EAST LANSING – Mel Tucker isn’t willing to let you take his mind back to the deep water in Miami. Not for a second. No matter how big a moment it was for his then-second-year program. Or how much that win still lingers. Or how apt the comparison to this week’s challenge for Michigan State at Washington.
But if the Spartans walk out of Husky Stadium with a win Saturday, I expect Tucker might deliver another killer line similar to that famous postgame epilogue in Miami, which led to the naming of MSU’s student section at Spartan Stadium, “The Deep End”.
“We wanted to drag them into the deep water, where we are, where we live — with the strain and the struggle, the pain, the pressure, the weight room, the discipline, the attention to detail,” Tucker said.
Perhaps this time…
“We wanted to drag them through the Seattle mist and fog and jet lag from a 12-hour time difference, where we are, where we live…”
You get the picture.
The time difference is only three hours. The game is being played at 7:30 pm Eastern Time, a half-hour later than MSU’s kickoff two weeks ago against Western Michigan. The flight is only two movies long. But the way the Spartans are preparing, you’d think they were getting set for a pre-dawn attack halfway around the world.
This week is all about banking sleep, an extra hour a night. No more than a 30-minute nap on the plane. All at the behest of sleep science. Last year it was weeks of sweat tests in fall camp and replenishing nutrients as the Spartans prepared for Miami’s climate in mid-September.
This is all part of “the unnecessary work,” as Tucker describes it.
“The margins are so slim when you compete at a high level, if you want to get ahead in anything you’re doing, you’re going to have to do extra if you want to be great.”
Like in preparation for Miami?
“Here’s the way I see it: Like I told the players (Monday) morning, we’re building the story of this year’s team right now,” Tucker said. “Last year’s team is gone.”
The Miami comparison, to Tucker, is a “distraction.”
But it’s relevant. Its reverberations lasting — in recruiting, in expectations, in how the players think about themselves and how you view them and Tucker, and, for Tucker himself, in generational wealth.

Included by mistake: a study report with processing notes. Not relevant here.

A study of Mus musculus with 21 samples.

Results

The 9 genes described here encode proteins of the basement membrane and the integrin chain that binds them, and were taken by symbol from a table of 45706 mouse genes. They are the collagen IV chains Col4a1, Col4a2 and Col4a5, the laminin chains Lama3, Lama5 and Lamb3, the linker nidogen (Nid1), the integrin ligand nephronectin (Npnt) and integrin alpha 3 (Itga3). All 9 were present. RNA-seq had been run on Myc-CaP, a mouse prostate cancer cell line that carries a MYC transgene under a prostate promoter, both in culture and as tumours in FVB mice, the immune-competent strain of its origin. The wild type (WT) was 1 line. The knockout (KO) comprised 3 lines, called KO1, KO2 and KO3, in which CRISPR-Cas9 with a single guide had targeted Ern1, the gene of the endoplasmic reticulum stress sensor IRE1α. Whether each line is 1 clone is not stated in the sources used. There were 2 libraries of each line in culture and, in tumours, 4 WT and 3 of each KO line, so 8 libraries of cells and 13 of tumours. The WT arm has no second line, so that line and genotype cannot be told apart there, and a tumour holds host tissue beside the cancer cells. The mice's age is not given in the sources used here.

“Last year in Miami, that was a big win,” MSU linebacker Cal Halladay said this week. “That really helped us with our confidence. Because we went there, they were ranked, too, and they were a good team. … So we proved to ourselves and built confidence in ourselves that we’re a good team, too, and that we can go and play in these crazy environments.”
That game changed our perception of MSU football under Tucker. The Spartans had done something hard, something real, taking over in the fourth quarter against an opponent of comparable talent, in sweltering conditions more suited for that opponent.
That win began to define MSU’s team and it propelled MSU’s season.
Saturday’s game at Washington has that same sort of potential. We’ll learn a lot about the Spartans — about quarterback Payton Thorne and this year’s star transfer, defensive end Jacoby Windmon. They’ll learn a lot about themselves. They need this sort of game right now — one they could actually lose. Seattle is forecast to be 30 degrees cooler than Miami was last year, a high of 62 and cloudy. But this could get uncomfortable for MSU. Washington has high hopes for its season, with a new offensive-minded coach, a talented transfer quarterback (former Indiana QB Michael Penix) and a 2-0 start to a season (against similar competition to what MSU has faced) that’s given the Huskies. no reason not to believe.
MSU didn’t just beat Miami last year. The Spartans left the Hurricanes battered and doubting themselves. Their season went south from there.
Washington is a 3.5-point favorite. History is on the Huskies’ side. MSU has lost its last seven regular-season games out west, including losses in Hawaii and Japan, dating back to its 1984 win at Colorado in George Perles’ second season as head coach, when Tucker was 12 years old. The Spartans lost seven straight before that, too, going all the way back to a 1957 win at Cal. So winning at Washington on Saturday would be every bit the sign that something is brewing this season — and under Tucker — that the Miami win was a year ago this same weekend.
“It does present an opportunity as a statement game for us,” MSU running backs coach Effrem Reed said Tuesday, “to go out there and put a product on the field on national television (and let it be known) that we could make some noise this year.”
Saturday’s game won’t determine the rest of the season. But, like last year at Miami, it’ll set the tone.